Since his arrival at Stamford Bridge in the 2016 summer transfer window, N’Golo Kanté has been instrumental in every single winning effort from this Chelsea team. His absence for all of October only served to underline his importance to the team and the unique capabilities he brings to the proceedings every single game. Without him, Chelsea have struggled to contain opposition midfielders and attackers and have slumped to spectacular defeats in Rome as well as Crystal Palace, while managing to keep just one clean sheet in the six October matches played.
Thankfully Kanté’s return edges closer with each passing day. While no one’s willing to definitely call it for Sunday, he should be back as Chelsea take on Mourinho’s Manchester United in an all-important showdown.
“N’Golo is progressing well, we also have tomorrow and then I’ll take the best decision for him and the team. But for sure he’s progressing well and I’m very happy about this. We are talking about an important player.”
“If I wanted to risk him I could have done it against Bournemouth or Roma. Instead I waited, I had a lot of patience to find the best way and it means if I decide to put him in the team and start the game he will be ready.”
Kanté is not the only player Chelsea have lost to a hamstring injury already this season, with Álvaro Morata, who has already made his return but continues to show effects of it, and Victor Moses also affected. For African Player of the Year nominee Moses, who’s expected to not return until mid-November at the earliest, the recovery work is still ongoing.
“No, zero chance [on Moses to return against Manchester United]. It was a bad muscular problem. We must wait and have patience, he needs more time to recover.”
Chelsea’s 3-0 defeat to Roma on Tuesday showed was one of the ugliest performances from a Chelsea team in quite some time. While in the first half, the team was largely let down by bad luck, bad refereeing and bad individual mistakes, the second half was a dispiriting, disappointing, and disquieting affair lacking any of the usual commitment, work, and fight we’ve grown accustomed to from Conte’s charges.
But what’s done is done and we have to move on. Conte has administered the full hairdryer treatment, and hopefully everyone’s learned their lesson.
“Honestly, I think the second half against Roma was bad in many different aspects but sometimes it can happen. The most important thing is that you don’t see this type of situation again.”
“We played a really good first half and we were 2-0 down, but I was more worried in the match against them at Stamford Bridge when we were winning 2-1 because we didn’t have control of the game.”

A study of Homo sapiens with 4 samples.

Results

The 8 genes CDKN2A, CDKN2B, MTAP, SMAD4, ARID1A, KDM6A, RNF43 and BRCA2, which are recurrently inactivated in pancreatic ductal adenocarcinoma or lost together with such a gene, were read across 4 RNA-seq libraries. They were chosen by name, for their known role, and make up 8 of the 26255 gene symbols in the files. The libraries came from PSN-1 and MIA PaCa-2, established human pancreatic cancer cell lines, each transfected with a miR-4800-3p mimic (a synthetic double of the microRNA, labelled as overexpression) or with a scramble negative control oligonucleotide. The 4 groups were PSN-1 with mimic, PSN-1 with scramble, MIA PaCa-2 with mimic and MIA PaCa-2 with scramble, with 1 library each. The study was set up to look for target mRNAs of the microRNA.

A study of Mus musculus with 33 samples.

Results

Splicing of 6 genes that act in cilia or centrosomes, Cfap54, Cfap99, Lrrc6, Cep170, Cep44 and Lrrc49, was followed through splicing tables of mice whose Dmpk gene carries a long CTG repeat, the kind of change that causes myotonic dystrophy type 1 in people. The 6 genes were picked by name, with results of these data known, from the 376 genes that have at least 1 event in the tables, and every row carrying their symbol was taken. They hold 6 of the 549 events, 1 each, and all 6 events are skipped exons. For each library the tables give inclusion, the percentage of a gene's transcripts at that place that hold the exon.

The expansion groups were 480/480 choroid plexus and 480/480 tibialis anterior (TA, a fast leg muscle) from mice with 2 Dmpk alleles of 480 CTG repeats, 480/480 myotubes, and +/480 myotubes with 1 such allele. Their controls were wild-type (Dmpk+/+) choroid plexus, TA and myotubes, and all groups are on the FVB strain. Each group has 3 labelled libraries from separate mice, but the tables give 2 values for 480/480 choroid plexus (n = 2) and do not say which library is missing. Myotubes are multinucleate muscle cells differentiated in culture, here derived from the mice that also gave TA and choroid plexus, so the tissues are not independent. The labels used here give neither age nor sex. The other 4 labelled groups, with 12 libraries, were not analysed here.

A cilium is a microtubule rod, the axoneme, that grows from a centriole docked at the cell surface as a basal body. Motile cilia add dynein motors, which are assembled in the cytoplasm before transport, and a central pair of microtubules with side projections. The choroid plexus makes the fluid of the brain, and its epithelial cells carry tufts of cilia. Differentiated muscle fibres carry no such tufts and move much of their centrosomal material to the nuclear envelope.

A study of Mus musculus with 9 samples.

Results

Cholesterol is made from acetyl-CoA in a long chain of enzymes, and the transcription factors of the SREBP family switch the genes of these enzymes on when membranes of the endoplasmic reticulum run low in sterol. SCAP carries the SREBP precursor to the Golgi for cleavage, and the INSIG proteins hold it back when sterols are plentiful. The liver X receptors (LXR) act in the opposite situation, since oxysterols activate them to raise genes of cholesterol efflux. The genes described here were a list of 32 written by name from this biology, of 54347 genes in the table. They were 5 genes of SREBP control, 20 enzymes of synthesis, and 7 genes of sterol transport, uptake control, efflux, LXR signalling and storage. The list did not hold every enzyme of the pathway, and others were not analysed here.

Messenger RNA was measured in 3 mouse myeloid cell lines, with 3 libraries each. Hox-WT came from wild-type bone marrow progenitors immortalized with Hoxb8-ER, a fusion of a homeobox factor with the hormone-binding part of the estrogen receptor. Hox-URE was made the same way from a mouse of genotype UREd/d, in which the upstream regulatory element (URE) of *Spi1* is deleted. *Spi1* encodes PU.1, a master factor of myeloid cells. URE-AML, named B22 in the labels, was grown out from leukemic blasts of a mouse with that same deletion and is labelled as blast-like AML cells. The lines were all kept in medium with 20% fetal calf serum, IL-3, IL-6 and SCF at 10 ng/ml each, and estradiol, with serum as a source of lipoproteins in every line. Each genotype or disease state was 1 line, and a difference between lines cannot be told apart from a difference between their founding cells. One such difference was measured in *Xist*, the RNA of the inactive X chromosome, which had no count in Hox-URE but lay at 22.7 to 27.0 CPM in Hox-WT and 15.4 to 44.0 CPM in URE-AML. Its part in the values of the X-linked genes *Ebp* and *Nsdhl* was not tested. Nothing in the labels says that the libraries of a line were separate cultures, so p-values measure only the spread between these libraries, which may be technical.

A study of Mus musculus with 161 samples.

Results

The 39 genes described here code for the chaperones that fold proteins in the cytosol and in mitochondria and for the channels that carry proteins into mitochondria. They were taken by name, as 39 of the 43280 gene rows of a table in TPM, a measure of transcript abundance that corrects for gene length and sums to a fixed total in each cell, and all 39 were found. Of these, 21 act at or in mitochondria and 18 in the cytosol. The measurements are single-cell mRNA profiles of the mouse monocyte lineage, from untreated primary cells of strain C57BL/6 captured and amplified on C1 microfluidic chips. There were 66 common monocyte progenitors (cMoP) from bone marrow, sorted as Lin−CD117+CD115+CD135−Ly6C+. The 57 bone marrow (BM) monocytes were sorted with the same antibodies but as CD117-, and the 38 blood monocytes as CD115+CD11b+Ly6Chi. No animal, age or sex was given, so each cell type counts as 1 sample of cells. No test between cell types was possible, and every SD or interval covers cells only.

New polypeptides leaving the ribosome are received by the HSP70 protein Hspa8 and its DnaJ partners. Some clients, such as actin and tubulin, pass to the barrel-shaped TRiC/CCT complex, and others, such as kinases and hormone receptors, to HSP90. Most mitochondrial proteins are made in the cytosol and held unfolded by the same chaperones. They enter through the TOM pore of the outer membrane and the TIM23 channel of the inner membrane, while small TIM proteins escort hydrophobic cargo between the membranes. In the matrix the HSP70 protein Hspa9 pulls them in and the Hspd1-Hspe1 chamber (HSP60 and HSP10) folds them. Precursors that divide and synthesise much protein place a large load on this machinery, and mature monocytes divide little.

“I was confident about the second half [on Tuesday] and it was very negative. But that’s the past and now we must prepare for the game against Manchester United and do our best on Sunday.”
Despite having won three of the last four games, Chelsea have been showing worrying signs of (mental and physical) softness, fatigue, and inconsistencies, certainly when compared with last season’s relentless march to the title and the FA Cup final.
We are now facing a test of character as much as a tactical battle against a side and a manager who relish big games likes this.
“I’m happy to work with my players because their commitment is always good, but this season we are struggling because we are facing a lot of important problems, and to solve them is not simple.”
“But in this moment you can see if you are a winner or a loser, that’s very important. When the period is positive it’s very easy to play well and have confidence. When you are struggling it’s important to show character, be strong and face the problem in the right way. But in my life I’m used to doing this. I struggled a lot in my life as a player and then as a coach. My history shows this.”
“We are talking about a really good team, a strong team physically and it will be a very difficult game. They are an important team and we must pay great attention. We are working to prepare for the game in the right way but United are a really good team.”
“When you play against United, Man City, Arsenal, Liverpool and Tottenham it’s always a big game. This type of game must excite the players, to play in a fantastic atmosphere and to know a lot of people will watch the game around the world.”
-Antonio Conte; Source: Chelsea FC
Even if Chelsea were firing on all cylinders, this would be a very, very tough game. Chelsea are far from firing on all cylinders however, and now must again find that spark that will reignite the belief and the confidence in everything Conte’s trying to accomplish here.